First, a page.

What you see isn't always what you get
Vision is the brain’s primary portal on the world, and research on visual perception is critical not only to understanding brain mechanisms of vision but also to understanding how people are able to optimize visually guided tasks. Our research group is devoted to understanding mid- to high-level visual processes, where vision interfaces with other cognitive and motor systems to support intelligent behavior. Specifically, we study how an image of the external world, available to the eyes, is transformed into a meaningful representation of objects, surfaces, and scenes. In addition, we focus on understanding the mechanisms of attention and attentional control that allow the brain to select objects that are relevant to current goals and behavior.
The Visual Perception Research Group is composed of three main laboratories within the Department of Psychological and Brain Sciences, led by professors Andrew Hollingworth, Cathleen Moore, J. Toby Mordkoff, and Shaun Vecera. Ph.D. students and post-docs tend to have a primary home in one of the four laboratories, but the research group is highly collaborative, and most students develop projects that span laboratories and advisors. In addition to the four labs here in Psychological and Brain Sciences, there is a rich network of collaboration with other research groups across campus at the University of Iowa that study related aspects of vision and perception.
What we do
Join our group to start exploring visual perception with us at Iowa! We encourage interested graduate students to contact one or more of the primary faculty before applying to discuss research interests and opportunities.
Students formally apply to one of the three broad graduate training areas (Clinical Science, Cognitive, or Behavioral and Cognitive Neuroscience), or through our Individualized Graduate Training Track. Graduate training is student-centered, with the program of study designed for each student to meet their career objectives and to prepare them for the next career stage. Students conduct research from the beginning of their graduate careers and are encouraged to develop independent lines of work as soon as possible.
Faculty in Visual Perception
- Andrew Hollingworth: Prof. Hollingworth’s lab studies a broad range topics devoted to understanding the interactions between visual perception, attention, eye movements, and visual memory. Recent work has focused on the mechanisms by which human attention and gaze is controlled to support real-world behavior and the role of visual memory in these processes. In addition, we study the relationship between mechanisms for selection in vision and similar mechanisms for selection within visual and spatial memory.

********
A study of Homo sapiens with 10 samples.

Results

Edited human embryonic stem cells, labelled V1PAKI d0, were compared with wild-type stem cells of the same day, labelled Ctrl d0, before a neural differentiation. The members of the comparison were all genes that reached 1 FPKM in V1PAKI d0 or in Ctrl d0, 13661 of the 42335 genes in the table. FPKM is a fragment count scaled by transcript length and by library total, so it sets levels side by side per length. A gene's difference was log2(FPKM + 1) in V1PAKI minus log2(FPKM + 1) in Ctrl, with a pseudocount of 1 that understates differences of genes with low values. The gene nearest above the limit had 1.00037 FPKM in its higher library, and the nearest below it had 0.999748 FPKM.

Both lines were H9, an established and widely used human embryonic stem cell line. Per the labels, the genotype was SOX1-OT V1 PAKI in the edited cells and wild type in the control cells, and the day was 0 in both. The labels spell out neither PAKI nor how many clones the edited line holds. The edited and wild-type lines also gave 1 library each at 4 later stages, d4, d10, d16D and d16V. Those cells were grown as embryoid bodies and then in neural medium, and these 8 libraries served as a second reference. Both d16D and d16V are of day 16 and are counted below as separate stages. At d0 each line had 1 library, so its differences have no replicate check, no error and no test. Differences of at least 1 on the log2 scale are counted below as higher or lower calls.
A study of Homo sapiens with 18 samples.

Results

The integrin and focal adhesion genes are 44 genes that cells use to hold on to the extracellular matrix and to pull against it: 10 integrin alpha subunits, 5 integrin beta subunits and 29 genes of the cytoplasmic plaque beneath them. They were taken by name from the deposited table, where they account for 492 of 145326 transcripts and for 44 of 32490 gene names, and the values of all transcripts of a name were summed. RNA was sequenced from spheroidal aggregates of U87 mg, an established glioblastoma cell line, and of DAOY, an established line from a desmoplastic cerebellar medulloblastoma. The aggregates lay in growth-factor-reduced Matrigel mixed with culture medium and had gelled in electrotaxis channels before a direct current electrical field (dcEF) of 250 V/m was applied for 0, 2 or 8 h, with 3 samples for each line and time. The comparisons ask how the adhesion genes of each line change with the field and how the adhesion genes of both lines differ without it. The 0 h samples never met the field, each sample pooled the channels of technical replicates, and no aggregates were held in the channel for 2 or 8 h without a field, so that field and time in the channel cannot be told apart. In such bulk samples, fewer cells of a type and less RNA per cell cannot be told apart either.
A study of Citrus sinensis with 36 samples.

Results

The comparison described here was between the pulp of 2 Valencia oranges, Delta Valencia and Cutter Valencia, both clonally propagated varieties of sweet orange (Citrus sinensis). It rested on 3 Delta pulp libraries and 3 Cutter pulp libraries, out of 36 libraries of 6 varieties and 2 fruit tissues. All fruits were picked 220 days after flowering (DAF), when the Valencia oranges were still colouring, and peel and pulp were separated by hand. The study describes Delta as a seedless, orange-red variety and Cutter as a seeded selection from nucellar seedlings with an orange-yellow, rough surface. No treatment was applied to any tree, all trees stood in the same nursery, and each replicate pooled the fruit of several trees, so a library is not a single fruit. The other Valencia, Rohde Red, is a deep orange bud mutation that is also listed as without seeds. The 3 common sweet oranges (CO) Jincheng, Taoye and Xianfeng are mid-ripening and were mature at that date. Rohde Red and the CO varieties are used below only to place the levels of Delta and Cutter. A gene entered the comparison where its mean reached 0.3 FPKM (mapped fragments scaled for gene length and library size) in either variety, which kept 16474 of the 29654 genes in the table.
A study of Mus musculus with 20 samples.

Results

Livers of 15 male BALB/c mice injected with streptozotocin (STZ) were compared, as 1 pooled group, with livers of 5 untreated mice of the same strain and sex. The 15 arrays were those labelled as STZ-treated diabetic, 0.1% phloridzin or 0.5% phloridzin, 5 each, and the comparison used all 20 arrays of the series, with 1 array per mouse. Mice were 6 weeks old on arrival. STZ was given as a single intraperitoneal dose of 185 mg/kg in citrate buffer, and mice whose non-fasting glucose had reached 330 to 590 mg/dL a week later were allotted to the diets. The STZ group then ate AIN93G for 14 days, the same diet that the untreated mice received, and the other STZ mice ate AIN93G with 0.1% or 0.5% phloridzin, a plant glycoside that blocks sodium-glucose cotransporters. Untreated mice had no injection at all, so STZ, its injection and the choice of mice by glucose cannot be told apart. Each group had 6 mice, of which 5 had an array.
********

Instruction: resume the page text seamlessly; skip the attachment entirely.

- Cathleen Moore: Prof. Moore’s lab is concerned with understanding visual perception and attention, with an emphasis on how the visual system structures incoming visual information (perceptual organization) and how that structure affects other aspects of visual processing. We see objects in the world. But that is not the information that is received at the eye. Your eyes, like the digital sensor in you phone’s camera, register spatial patterns of light (e.g., changes in intensity and wavelength over space) How does the visual system give rise to the experience of a world of objects from those spatial patterns of light?
- J. Toby Mordkoff: The primary focus of Prof. Mordkoff's lab is the nature of mental architecture, particularly in how modules or sub-systems are inter-connected and how information flows through the system. This work involves a variety of methods and approaches, including traditional measures of response time and accuracy, response force, mathematical modeling and simulation, and psychophysiological measures (e.g., event-related brain potentials).
- Shaun Vecera: Prof. Vecera’s lab studies many aspects of how selective attention works, with most of our recent work focusing on attentional control (how attention knows where to go) and distraction (how attention goes to the wrong place). Our most recent work has examined experience-based attentional control, that is, how experience in a task environment helps ‘tune’ attention to become more selective and resist distraction (i.e., attentional capture).